Star forward Ramu Tokashiki has signed a multiyear contract with the Seattle Storm, the WNBA club announced on Friday.

Although the length of the contract was undisclosed, Tokashiki’s return to the team shows that she’s an important piece of the puzzle for the rebuilding franchise. The Storm went 10-24 last season and posted a 12-22 mark in 2014.

“Taku (Tokashiki) is a key building block for our future,” Seattle head coach Jenny Boucek, who is entering her second season at the helm, said in a statement.

“Her combination of passion, athleticism, fearlessness and instinct for the game makes her a dynamic playmaker on both ends of the floor.

“The sky is the limit for Taku and we are extremely excited about her commitment to the Storm.”

Tokashiki, 24, averaged 8.2 points, 3.3 rebounds, 0.9 blocks, in 30 games (16 starts) last year for the Storm. She was named to the WNBA all-rookie team along with teammate Jewell Loyd.

Tokashiki appears comfortable with the Storm’s playing style. Seattle often uses one big inside and four others outside.

“That’s the same as JX,” Tokashiki said, comparing the Storm with her WJBL club JX-Eneos, where she’s played since the 2010-11 season, after the Sunflowers captured their third straight championship in the single-elimination All-Japan Championship last month. “So it fits me.”

The Storm open their 2016 campaign on May 15.

Meanwhile, the Sunflowers, led by the two-time WJBL MVP Tokashiki, who averaged 18.9 points (third in the WJBL), 62.9 field-goal percentage (first), 8.5 rebounds (fourth) and 2.4 blocks (first) per game in the 2015-16 regular season, look poised to contend for another title in a few weeks.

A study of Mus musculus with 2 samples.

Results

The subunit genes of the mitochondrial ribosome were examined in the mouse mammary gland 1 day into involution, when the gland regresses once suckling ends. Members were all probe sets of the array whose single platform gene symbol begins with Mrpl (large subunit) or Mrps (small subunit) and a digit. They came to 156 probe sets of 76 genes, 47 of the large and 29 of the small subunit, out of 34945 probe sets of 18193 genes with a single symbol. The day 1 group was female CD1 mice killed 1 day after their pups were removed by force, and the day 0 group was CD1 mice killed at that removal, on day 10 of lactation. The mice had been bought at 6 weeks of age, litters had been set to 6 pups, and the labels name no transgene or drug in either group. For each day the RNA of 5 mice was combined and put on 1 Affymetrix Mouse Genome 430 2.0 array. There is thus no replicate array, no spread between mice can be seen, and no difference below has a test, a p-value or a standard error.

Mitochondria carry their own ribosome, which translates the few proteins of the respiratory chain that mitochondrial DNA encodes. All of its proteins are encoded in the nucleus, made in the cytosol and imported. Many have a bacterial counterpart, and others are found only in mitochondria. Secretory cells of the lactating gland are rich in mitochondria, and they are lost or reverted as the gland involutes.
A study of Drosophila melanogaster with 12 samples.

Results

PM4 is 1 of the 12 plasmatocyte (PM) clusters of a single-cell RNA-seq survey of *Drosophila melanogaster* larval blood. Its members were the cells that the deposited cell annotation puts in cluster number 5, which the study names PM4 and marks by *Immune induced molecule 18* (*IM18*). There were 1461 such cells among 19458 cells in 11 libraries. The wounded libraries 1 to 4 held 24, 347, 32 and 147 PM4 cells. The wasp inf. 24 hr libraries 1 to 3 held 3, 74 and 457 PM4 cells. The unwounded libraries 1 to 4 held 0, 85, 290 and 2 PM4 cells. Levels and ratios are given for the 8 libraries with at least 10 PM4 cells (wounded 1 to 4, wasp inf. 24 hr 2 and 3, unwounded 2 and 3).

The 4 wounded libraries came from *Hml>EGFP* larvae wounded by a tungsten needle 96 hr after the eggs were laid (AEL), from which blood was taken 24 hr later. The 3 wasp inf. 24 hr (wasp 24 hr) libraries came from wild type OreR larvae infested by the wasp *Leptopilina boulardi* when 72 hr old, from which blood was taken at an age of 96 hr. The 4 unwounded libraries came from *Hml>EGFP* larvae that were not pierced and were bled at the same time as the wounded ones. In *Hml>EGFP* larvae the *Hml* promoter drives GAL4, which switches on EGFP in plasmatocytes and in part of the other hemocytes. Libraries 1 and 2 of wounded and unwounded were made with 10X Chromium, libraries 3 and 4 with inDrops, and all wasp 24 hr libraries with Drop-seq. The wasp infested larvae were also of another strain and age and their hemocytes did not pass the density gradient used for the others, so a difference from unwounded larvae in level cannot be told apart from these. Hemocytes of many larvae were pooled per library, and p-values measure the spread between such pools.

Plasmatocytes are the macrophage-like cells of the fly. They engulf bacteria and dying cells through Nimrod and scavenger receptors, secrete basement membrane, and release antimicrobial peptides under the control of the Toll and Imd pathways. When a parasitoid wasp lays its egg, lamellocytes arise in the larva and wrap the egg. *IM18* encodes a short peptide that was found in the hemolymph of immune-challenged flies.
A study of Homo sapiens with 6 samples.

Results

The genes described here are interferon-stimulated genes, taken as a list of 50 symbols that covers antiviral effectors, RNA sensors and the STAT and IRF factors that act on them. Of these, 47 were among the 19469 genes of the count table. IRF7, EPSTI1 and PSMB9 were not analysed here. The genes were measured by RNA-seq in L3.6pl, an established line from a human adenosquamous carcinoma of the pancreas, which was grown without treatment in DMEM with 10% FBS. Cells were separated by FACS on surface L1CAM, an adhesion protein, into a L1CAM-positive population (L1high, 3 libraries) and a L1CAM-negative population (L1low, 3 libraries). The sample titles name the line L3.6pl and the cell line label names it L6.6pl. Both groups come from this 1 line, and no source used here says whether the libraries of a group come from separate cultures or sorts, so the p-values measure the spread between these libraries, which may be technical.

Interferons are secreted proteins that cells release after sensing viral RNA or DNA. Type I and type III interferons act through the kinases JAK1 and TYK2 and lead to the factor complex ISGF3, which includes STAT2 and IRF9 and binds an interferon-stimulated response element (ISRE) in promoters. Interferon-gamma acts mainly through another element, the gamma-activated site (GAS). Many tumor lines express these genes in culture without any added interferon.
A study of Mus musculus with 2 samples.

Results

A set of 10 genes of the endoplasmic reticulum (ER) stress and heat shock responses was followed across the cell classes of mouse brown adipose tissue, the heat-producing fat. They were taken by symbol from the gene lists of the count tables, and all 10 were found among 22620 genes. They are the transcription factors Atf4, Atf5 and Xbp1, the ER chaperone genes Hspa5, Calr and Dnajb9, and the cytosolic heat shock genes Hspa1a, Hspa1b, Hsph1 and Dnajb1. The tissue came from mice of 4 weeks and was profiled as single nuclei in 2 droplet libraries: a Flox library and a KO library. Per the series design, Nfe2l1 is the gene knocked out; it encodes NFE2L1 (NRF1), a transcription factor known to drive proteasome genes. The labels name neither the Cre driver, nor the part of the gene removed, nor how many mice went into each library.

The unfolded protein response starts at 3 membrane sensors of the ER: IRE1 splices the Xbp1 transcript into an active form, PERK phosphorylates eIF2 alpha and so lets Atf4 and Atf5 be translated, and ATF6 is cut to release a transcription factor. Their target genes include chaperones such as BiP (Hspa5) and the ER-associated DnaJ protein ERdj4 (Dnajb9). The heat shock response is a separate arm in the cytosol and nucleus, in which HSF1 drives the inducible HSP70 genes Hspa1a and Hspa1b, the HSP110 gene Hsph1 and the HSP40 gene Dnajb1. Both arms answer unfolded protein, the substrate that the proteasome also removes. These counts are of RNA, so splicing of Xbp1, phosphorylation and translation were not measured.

The five-time defending champion Sunflowers finished the regular season with a league-best 20-4 record and will face the Aisin AW Wings in the playoff quarterfinals, starting on Feb. 20 in Kagoshima.

The best-of-five JBL Finals is scheduled to tip off March 10.

For her opponents, Tokashiki, a two-time FIBA Asia Championship MVP, has presented an even bigger problem since expanding her game in the WNBA. Because she has no height advantage in the United States, Tokashiki worked to further develop her skills, particularly outside the post, in order to be successful against players in that league.

“Her one-on-one stuff from outside (has improved),” JX-Eneos assistant Tom Hovasse, who trained Tokashiki, said of the 191-cm player’s development after the All-Japan win. “(This is) because she’s always been an inside player until last season in the WNBA.

“Now we have her playing outside quite a bit as well. She recognizes when to drive and when to shoot.”

He added: “She’ll always be a threat from the outside.”

Hovasse said that Tokashiki’s confidence and technical development have grown because of the time she’s spent in the WNBA.

“Even if something isn’t working, if her jump shots are not working, whatever, she now can drive and do different things, not just one thing,” said Hovasse, a former Atlanta Hawks player. “That comes with experience, comes with her developing in games and confidence.”

Indeed, Tokashiki will face additional challenges in the coming months, especially because of the physical demands of an Olympic year.

For starters, JX-Eneos is favored to advance to the WJBL Finals, and after that Tokashiki is expected to participate in training camps for both the Storm and the Japan women’s national team, which has already earned a spot in this summer’s Rio de Janeiro Games in August.

At the All-Japan Championship, Tokashiki confessed that she’d gotten tired quicker than before.

“So I’m really aware of caring (for) my body, conditioning and sleeping well,” she said.

In a time of both misinformation and too much information, quality journalism is more crucial than ever.
By subscribing, you can help us get the story right.